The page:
The Government has again been criticised for cutting student
allowances after figures released to the Otago Daily
Times show those affected will have to take on an average
of $4610 in extra debt to get by this year.
Figures released under the Official Information Act by the
Ministry of Education estimated that because of the changes,
an extra 5140 students would borrow money through the student
loan scheme for living costs - or be more reliant on
borrowing than before.
The affected students would be faced with having to borrow on
average an extra $4610.89 this year, on top of the amount
they borrowed to pay for their tuition. All up the changes
are expected to add an extra $23.7 million on to the national
student debt this year and save the Government $29.2 million.
This comes as changes to student allowance eligibility
announced by the Government in last year's Budget came into
force. The changes mean postgraduate students can no longer
receive the allowance and there is no option to apply for
exemptions allowing students to receive allowances beyond the
Labour deputy leader and tertiary spokesman Grant Robertson
said the extra amount students would have to borrow was a
''That will act as a disincentive for a number of them to
carry through with their studies,'' he said.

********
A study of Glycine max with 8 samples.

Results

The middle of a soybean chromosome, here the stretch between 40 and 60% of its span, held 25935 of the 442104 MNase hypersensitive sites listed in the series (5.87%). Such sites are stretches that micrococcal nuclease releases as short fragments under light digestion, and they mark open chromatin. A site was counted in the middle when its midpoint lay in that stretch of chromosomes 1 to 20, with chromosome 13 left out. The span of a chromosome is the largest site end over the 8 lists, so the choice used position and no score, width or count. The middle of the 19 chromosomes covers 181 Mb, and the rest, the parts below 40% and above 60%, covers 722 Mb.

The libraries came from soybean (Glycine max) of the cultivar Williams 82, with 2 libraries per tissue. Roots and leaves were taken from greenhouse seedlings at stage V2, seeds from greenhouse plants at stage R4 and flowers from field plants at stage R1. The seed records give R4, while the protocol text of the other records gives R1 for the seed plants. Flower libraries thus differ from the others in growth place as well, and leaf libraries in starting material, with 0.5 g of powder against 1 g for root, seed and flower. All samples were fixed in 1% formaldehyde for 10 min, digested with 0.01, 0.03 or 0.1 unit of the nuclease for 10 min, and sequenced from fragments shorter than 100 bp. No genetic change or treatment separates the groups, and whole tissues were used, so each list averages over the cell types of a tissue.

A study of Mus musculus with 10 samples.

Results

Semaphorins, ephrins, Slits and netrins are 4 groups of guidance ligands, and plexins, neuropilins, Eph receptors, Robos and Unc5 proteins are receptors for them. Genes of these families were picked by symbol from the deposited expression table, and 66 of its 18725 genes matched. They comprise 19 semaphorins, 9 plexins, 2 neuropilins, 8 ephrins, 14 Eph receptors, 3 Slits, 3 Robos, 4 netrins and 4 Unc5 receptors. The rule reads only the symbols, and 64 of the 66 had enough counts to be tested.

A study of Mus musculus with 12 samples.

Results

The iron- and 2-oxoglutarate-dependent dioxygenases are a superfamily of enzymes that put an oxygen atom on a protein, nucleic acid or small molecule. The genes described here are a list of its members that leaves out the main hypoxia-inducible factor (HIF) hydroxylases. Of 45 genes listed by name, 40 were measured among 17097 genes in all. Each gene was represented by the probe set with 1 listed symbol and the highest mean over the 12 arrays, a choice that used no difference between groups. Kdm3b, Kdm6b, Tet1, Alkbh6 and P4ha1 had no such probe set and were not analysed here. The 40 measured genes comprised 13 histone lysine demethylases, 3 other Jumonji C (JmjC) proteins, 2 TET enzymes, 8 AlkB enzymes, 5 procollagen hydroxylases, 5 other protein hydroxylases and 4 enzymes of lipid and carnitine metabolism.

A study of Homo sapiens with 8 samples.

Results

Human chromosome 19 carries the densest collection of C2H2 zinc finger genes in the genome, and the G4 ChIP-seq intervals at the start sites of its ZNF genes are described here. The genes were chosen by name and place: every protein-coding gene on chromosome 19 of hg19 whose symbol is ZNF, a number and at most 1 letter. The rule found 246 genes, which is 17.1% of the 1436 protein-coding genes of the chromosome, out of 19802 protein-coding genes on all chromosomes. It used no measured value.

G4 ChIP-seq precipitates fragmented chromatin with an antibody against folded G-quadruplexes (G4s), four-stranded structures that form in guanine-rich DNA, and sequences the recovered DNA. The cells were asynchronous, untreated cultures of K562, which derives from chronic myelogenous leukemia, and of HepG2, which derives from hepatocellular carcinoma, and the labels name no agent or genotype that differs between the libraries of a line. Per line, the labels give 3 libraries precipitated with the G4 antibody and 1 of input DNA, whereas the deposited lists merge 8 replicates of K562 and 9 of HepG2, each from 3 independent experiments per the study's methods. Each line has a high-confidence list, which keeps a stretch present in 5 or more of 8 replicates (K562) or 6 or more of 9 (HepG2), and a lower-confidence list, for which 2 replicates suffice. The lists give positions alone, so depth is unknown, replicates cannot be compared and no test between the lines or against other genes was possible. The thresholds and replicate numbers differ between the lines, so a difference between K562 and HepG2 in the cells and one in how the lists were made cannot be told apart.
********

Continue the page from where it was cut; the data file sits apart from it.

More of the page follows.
He also said the $5.5 million difference between the amount
the Government was saving and the extra amount borrowed
showed those affected were being forced to get by on less -
going against what Tertiary Education Minister Steven Joyce
had previously said.
''One of the things that Mr Joyce has not been willing to
acknowledge is that people will be worse off financially,''
Mr Joyce said that prior to the changes it made this year,
Government spending on student allowances had increased to an
''unsustainable level'', in one of the ''many spiralling
costs we have inherited from the last Labour Government''.
As a consequence, the Government sought to ''focus student
allowances more on students who are from low-income families
and the early years of study'', he said.
People who finished postgraduate study were likely to earn
''much more'' than those who did not have a tertiary
education, he said.
Mr Robertson said the Government's argument that cuts were
necessary and that postgraduate students could afford to
borrow more did not tread water.
''I think Steven Joyce has got to stop seeing education as a
cost to cut and start seeing it as an investment in our
Otago University Students' Association president Francisco
Hernandez said $4610.89 was a significant amount for
He said the changes sent students a message. It mean that the
Government ''doesn't want students to be studying [at a]
postgraduate [level]'', Mr Hernandez said yesterday.